The melon baller 

Licensed by CC 2.0 Copyright Alan Levine on Flickr

I recently had to explain to a family member how this grief thing feels.

I’m a visual person, I tend to explain myself with images. So I said, this grief thing feels as if someone has found a giant melon baller in the back of the kitchen drawer and have set about making balls out my abdomen and, once they were satisfied they had taken enough flesh, I was left with a gaping hole where once there was a belly.

So now I walk around with my abdominal muscles permanently clenched hoping the gaping hole begins to heal. But some days if one looks carefully the hole is still there, containing a vortex within a black hole which sucks away all the light and energy from my being, leaving me breathless.

When these days come, which right now are nearly a daily occurrence, I pull up the draw bridge and retreat to the safety of my bedroom; messages are not replied to, telephone calls are rejected, no matter how good a friend or close family member they happen to come from. These are dark days.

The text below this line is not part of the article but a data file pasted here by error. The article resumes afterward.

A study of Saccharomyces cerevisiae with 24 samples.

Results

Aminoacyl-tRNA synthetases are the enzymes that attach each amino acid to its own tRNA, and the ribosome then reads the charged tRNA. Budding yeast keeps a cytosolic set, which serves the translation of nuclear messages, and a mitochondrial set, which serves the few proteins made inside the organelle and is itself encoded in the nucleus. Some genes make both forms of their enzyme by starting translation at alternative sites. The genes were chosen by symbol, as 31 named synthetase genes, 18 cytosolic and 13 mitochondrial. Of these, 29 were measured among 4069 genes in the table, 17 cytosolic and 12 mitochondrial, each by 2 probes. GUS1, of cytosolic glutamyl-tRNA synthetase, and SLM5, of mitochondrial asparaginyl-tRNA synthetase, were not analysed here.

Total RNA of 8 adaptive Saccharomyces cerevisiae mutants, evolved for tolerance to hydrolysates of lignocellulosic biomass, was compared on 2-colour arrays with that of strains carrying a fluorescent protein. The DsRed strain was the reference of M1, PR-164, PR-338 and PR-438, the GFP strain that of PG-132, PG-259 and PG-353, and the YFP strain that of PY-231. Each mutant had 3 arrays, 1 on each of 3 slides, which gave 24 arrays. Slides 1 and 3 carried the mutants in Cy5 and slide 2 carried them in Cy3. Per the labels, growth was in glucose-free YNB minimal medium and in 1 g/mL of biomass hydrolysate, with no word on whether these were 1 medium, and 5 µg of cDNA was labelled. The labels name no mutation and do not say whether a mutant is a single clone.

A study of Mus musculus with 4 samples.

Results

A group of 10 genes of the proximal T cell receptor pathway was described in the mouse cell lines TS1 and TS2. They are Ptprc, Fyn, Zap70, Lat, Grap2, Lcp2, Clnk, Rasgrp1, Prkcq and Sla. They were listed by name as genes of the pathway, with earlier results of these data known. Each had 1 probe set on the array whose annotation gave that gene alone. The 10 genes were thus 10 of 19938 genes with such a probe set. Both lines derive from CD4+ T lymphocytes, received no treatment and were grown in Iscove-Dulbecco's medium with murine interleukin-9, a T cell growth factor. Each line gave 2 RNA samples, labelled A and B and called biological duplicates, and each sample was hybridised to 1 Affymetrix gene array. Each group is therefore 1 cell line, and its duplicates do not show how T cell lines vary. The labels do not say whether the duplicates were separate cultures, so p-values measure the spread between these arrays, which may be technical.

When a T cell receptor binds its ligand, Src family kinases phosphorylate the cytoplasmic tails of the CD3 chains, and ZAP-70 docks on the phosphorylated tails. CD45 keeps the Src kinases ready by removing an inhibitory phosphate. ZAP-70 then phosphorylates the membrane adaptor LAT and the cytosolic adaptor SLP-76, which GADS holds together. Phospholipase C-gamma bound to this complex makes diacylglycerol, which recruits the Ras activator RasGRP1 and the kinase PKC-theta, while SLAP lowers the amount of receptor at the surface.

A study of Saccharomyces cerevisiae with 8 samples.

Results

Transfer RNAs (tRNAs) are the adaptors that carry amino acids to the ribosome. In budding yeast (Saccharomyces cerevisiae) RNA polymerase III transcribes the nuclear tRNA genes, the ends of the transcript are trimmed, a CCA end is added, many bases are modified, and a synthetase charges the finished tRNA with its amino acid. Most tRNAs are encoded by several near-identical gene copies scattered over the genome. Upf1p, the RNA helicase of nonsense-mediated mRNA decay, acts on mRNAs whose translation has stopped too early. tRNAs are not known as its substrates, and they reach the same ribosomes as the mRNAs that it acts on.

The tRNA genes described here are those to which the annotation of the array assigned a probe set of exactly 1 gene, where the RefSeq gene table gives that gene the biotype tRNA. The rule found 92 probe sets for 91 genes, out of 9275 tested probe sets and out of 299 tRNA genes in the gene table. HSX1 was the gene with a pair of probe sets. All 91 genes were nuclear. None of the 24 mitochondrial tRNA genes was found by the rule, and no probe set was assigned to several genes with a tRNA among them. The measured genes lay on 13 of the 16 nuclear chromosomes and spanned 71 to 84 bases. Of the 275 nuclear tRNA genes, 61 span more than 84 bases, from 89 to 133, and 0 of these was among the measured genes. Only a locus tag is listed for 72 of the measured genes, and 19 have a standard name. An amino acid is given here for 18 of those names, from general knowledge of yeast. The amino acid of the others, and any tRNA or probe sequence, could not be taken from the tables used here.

Other days if I’m brave enough to peer through the hole I can see all my vulnerabilities exposed for the world to see, which makes me feel as if I’m walking around stark naked. A very uncomfortable feeling I hope you’ll agree unless of course you’re a naturist in which case I take my hat off to you for being confident and comfortable in your own skin.

However that’s not the worst part of grieving. No, no, no; the worst part is when, as I begin to get used to the hole, some insensitive person tells me how their wife’s second cousin’s neighbour’s uncle had cancer but luckily recovered and is leading a normal life. Whilst it is a positive thing to hear that for some people cancer hasn’t been a death sentence, I fail to see how that’s meant to comfort me. So I will describe how this feels, it is as if having noticed my gaping hole they decide to take the ice pick in the photograph and use it to dig a little deeper because the hole wasn’t big enough.

So the moral of the story is: next time someone you know or happen to meet tells you how they’ve lost a loved one to cancer don’t tell them my story, just listen to theirs, that’s it just listen.